On these fields and in the woods surrounding a small creek in
northwest Georgia, Union and Confederate armies clashed during the
fall of 1863 (September 19-20) in some of the hardest fighting of the
Civil War. An Alabama Infantry Regiment, the 19th Alabama,
fought in this battle as it had done so in other western battles
since Shiloh. This regiment was composed of men from northeast
Alabama. As in most Confederate regiments, the members of the 19th
were not plantation owners, rather they were farmers, shopkeepers and
common everyday folk. They heard their nation's call to arms and were
mustered into service in September 1861. The men of the regiment
fought and died largely unknown to history. It might be said that the
19th was a typical infantry unit...not flashy, but steady.
At Chickamauga the 19th had a part in an uncommon sight for the Army of Tennessee, the routing of a Federal army from the field. The second day of battle at Chickamauga was probably the 19th's greatest day in all the war. On that day, the 19th was part of the left wing of the Army of Tennessee as it broke through the Federal line and drove the Army of the Cumberland from the field. This virtual tour is designed to describe in words and pictures what the 19th saw and did on those few days in September 1863.
The prize was Chattanooga, key rail center and gateway to the heart of the Confederacy. The campaign that brought the armies to the banks of Chickamauga Creek began late in June, 1863 when General William S. Rosecrans' Army of the Cumberland, almost 60,000 strong, moved from Murfreesboro, Tennessee, against General Braxton Bragg's 43,000 Army of Tennessee. Six months earlier, these same armies clashed at Stones River (Murfreesboro) where, after a three day battle, the Confederates retreated after a "near victory." Now, once more, through a series of skillful marches, Rosecrans forced the Army of Tennessee to withdraw southeastward toward Chattanooga. There Bragg dug in northeast of the city expecting an attack from Rosecrans in that area that never came. Early in September, the Federals crossed the Tennessee River to the southeast of Chattanooga and again forced Bragg to withdraw without a fight.
Eluding his Federal pursuers, Bragg concentrated his forces at LaFayette, Georgia, 26 miles south of Chattanooga. Here reinforcements from East Tennessee, Virginia, and Mississippi swelled his ranks to more than 66,000 men. Thinking that Bragg was in full retreat, Rosecrans split his army into smaller commands and swung the various parts south over Lookout Mountain trying to catch Bragg. However, Bragg was not in retreat, rather Bragg was moving to catch and destroy these isolated commands. Twice he tried unsuccessfully to destroy segments of Rosecrans' army as they crossed the Lookout Mountain range. Alerted to the fact that Bragg was not in retreat, Rosecrans begin concentrating his troops along the LaFayette Road near the Lee and Gordon Mill. Then, on September 18, hoping to wedge his troops between the Federals and Chattanooga, Bragg posted his army on the west bank of Chickamauga Creek along a line from Reed's Bridge to just opposite Lee and Gordon's Mill.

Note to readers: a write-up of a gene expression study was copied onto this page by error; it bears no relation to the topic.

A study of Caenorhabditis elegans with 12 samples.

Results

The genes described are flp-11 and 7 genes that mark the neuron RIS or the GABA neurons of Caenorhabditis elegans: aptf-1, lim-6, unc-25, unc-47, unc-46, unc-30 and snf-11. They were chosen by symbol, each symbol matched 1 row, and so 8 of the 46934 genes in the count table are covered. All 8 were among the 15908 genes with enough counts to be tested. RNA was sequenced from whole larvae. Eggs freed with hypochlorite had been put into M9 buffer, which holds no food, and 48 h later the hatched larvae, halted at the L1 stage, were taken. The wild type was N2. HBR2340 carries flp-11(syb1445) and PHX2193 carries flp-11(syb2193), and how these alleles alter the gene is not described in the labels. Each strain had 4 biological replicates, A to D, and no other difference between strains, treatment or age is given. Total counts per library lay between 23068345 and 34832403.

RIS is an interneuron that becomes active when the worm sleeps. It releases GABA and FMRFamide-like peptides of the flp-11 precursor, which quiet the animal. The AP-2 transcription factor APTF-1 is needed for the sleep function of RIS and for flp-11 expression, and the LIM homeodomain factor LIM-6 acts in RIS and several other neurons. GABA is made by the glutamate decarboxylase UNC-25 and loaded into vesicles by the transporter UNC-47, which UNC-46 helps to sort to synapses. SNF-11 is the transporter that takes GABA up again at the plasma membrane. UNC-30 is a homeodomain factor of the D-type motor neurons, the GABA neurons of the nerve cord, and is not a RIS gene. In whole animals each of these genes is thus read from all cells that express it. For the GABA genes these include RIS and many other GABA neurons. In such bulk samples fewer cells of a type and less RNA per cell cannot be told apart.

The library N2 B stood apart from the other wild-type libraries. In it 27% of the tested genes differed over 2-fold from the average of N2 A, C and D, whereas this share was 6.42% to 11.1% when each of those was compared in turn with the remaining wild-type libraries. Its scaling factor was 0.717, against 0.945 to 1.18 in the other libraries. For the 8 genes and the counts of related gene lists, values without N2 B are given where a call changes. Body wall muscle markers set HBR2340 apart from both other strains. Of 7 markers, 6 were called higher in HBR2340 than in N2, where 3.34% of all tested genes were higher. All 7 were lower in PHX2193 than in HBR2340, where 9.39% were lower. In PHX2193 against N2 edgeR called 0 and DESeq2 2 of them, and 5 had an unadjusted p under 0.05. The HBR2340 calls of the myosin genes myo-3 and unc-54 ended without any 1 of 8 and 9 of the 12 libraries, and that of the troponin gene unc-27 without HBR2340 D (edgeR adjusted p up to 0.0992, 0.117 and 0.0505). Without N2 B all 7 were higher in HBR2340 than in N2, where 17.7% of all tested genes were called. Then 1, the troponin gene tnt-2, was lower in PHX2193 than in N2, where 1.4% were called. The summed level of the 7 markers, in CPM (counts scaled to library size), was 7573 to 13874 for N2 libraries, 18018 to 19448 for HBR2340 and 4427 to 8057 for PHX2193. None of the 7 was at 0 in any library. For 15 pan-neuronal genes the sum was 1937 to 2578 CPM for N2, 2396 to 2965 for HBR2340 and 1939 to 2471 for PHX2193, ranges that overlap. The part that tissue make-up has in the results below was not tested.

Fighting began shortly after dawn on September 19 when Union infantry encountered Confederate cavalry (Forrest) at Jay's Mill. This brought on a general battle that spread south for nearly four miles The armies fought all day on the 19th and gradually the Confederates pushed the Federals back to LaFayette Road. On the 20th Bragg again tried to drive between the Federal force and Chattanooga, but failed to dislodge Rosecrans' line. Then the fortunes of war changed in favor of the Confederates when, due to a staff error, Rosecrans ordered a division (Woods) to close on the division to his north. This movement created a gap where by chance General James Longstreet's right wing was attacking. As the Confederates poured through the Federal line much of the Federal right, including General Rosecrans, were routed from the field.
The 19th Alabama Infantry Regiment (Deas' Brigade, Hindman's Division) took part in this breakthrough. The following is a tour of the ground that the 19th traveled over on September 19 in preparation for the battle and the ground they fought on during that long day of September 20, 1863.
Once more unto the breach, dear friends, once more, Or close the wall up with our English dead! In peace there 's nothing so becomes a man As modest stillness and humility; But when the blast of war blows in our ears, Then imitate the action of the tiger: Stiffen the sinews, summon up the blood. King Henry V, Act iii. Sc. 1.
Please direct any comments regarding this project to Mark Williams.